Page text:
The white walls and ceiling of Shivtei Yeshuron sport their original old-fashioned tin facades stamped with designs. Rows of small pews line both sides. An ark sits next to the far wall, illuminated by a glass Eternal Light that says “history.” Some prayer books on shelves date to the 1800s.
Up a set of narrow stairs was a second-floor social hall, and removable sections of floor allowed women to see the bimah directly below at services. (Today, women are divided from men by small transparent panels fastened to the benches in front of them in the sanctuary.) The third floor, now looking like a neglected stepchild, was once a kitchen where women would prepare meals, then a room for the rabbi.
During the Hidden City festival, a fabric artist brought in modern versions of sweatshop machinery on the second floor and visitors made pieces of scarves. The festival also screened a film and held a concert series, all Jewish-themed.
Morris Levin, in his 30s, may be the youngest Shivtei Yeshuron member. He lives with his wife and children in South Philadelphia, and now serves on the board. “I knew it was still open so I went down there for a minyan on a Shabbos morning and I was taken by the building,” he says. His reaction that day was “very visceral in a soulful way.”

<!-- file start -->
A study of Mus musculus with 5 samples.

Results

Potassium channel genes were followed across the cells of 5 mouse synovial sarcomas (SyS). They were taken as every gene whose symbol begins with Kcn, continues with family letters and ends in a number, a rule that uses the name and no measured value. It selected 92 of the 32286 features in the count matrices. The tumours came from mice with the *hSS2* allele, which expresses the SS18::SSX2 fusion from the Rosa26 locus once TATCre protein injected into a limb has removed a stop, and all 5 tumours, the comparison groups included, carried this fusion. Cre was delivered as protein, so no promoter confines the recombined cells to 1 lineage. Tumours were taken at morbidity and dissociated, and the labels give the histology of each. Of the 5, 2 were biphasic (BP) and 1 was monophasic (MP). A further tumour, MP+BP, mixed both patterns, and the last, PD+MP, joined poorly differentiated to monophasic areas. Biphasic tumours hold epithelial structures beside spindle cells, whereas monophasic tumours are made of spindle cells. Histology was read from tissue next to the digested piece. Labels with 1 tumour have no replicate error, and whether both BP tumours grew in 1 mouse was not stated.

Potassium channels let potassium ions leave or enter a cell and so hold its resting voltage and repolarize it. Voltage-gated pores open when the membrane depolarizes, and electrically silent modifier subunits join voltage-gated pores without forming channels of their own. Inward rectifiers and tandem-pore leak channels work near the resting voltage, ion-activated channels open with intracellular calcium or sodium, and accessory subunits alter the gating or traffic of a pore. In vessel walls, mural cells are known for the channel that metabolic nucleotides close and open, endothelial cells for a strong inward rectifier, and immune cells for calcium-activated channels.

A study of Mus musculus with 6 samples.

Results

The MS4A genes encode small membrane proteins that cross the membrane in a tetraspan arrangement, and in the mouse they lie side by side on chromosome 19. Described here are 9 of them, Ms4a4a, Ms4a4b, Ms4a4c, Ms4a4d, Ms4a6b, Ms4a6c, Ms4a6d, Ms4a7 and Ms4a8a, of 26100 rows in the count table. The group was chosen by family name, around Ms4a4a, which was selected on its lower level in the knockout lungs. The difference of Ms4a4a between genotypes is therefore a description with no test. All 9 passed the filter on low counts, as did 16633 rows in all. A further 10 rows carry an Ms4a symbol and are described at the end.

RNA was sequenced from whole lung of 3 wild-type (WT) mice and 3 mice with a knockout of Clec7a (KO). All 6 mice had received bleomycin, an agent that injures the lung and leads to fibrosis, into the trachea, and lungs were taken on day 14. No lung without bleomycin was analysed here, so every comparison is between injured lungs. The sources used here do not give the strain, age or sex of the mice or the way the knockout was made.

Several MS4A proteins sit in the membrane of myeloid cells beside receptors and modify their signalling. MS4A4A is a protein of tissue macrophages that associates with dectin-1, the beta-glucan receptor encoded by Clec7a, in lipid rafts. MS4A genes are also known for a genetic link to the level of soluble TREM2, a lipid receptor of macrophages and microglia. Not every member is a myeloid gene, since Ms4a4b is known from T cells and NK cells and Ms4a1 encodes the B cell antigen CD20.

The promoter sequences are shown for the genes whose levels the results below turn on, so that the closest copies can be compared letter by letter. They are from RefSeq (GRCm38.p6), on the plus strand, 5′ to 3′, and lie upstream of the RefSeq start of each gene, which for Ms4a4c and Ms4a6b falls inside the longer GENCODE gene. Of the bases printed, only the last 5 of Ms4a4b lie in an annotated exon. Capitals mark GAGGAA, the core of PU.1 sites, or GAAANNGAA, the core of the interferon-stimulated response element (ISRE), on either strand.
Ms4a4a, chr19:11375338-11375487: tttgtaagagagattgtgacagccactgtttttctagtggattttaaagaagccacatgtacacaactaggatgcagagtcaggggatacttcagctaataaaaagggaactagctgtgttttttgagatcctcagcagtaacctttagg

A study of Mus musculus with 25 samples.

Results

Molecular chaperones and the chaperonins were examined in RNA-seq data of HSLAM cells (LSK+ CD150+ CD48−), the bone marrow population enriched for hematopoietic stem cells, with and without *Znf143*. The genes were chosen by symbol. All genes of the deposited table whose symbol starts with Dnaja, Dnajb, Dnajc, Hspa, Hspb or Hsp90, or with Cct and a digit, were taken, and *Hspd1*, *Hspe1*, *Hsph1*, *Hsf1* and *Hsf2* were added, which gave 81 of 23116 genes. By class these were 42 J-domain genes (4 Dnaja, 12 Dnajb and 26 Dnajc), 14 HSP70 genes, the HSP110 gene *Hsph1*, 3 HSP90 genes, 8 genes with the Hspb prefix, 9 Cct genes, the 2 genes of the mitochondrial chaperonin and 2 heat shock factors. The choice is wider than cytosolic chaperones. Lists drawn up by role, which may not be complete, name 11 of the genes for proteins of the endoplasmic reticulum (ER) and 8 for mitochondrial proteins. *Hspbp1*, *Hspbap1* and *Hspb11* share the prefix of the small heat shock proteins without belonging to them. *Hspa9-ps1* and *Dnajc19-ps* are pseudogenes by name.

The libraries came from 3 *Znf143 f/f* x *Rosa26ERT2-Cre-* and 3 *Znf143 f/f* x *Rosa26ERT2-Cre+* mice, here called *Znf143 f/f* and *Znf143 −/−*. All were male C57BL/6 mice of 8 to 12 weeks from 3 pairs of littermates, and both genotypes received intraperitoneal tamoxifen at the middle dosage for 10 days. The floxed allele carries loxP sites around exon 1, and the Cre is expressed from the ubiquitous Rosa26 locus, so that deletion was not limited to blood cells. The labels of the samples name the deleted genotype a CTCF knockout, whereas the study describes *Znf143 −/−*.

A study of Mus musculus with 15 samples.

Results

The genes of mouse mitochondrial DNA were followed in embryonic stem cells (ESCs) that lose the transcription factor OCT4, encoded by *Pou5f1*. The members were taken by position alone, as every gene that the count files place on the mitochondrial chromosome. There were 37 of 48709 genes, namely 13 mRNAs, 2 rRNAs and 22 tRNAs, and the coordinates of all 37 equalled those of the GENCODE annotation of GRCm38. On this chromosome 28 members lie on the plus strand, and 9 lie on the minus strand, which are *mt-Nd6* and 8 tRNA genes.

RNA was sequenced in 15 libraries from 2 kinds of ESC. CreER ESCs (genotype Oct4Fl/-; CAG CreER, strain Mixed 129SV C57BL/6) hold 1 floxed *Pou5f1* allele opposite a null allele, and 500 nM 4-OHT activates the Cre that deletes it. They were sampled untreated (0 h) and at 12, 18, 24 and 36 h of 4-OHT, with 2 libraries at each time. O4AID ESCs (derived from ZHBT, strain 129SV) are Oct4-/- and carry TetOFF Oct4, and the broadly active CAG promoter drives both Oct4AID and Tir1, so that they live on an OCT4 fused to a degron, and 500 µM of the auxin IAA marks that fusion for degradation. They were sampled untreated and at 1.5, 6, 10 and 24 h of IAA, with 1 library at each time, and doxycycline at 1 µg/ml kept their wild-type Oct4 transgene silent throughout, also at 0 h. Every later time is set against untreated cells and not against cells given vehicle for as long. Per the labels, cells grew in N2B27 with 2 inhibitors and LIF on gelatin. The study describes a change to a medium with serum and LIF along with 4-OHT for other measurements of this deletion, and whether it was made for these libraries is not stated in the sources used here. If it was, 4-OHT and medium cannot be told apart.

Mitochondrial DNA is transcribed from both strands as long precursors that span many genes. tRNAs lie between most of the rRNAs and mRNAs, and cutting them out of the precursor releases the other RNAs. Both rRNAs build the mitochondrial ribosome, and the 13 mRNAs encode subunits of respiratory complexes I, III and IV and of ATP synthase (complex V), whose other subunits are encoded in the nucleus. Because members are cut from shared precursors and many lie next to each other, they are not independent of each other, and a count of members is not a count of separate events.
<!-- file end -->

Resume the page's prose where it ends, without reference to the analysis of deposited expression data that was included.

Levin says that the board already has a list of people from Hidden City who want to help keep the place alive, not all of them Jewish. “You don’t have to be Jewish to appreciate a hole-in-the-wall storefront synagogue,” he says. “That’s just something special.”
Howard Shapiro is theater critic at WHYY in Philadelphia, Broadway critic for The Classical Network and a travel writer.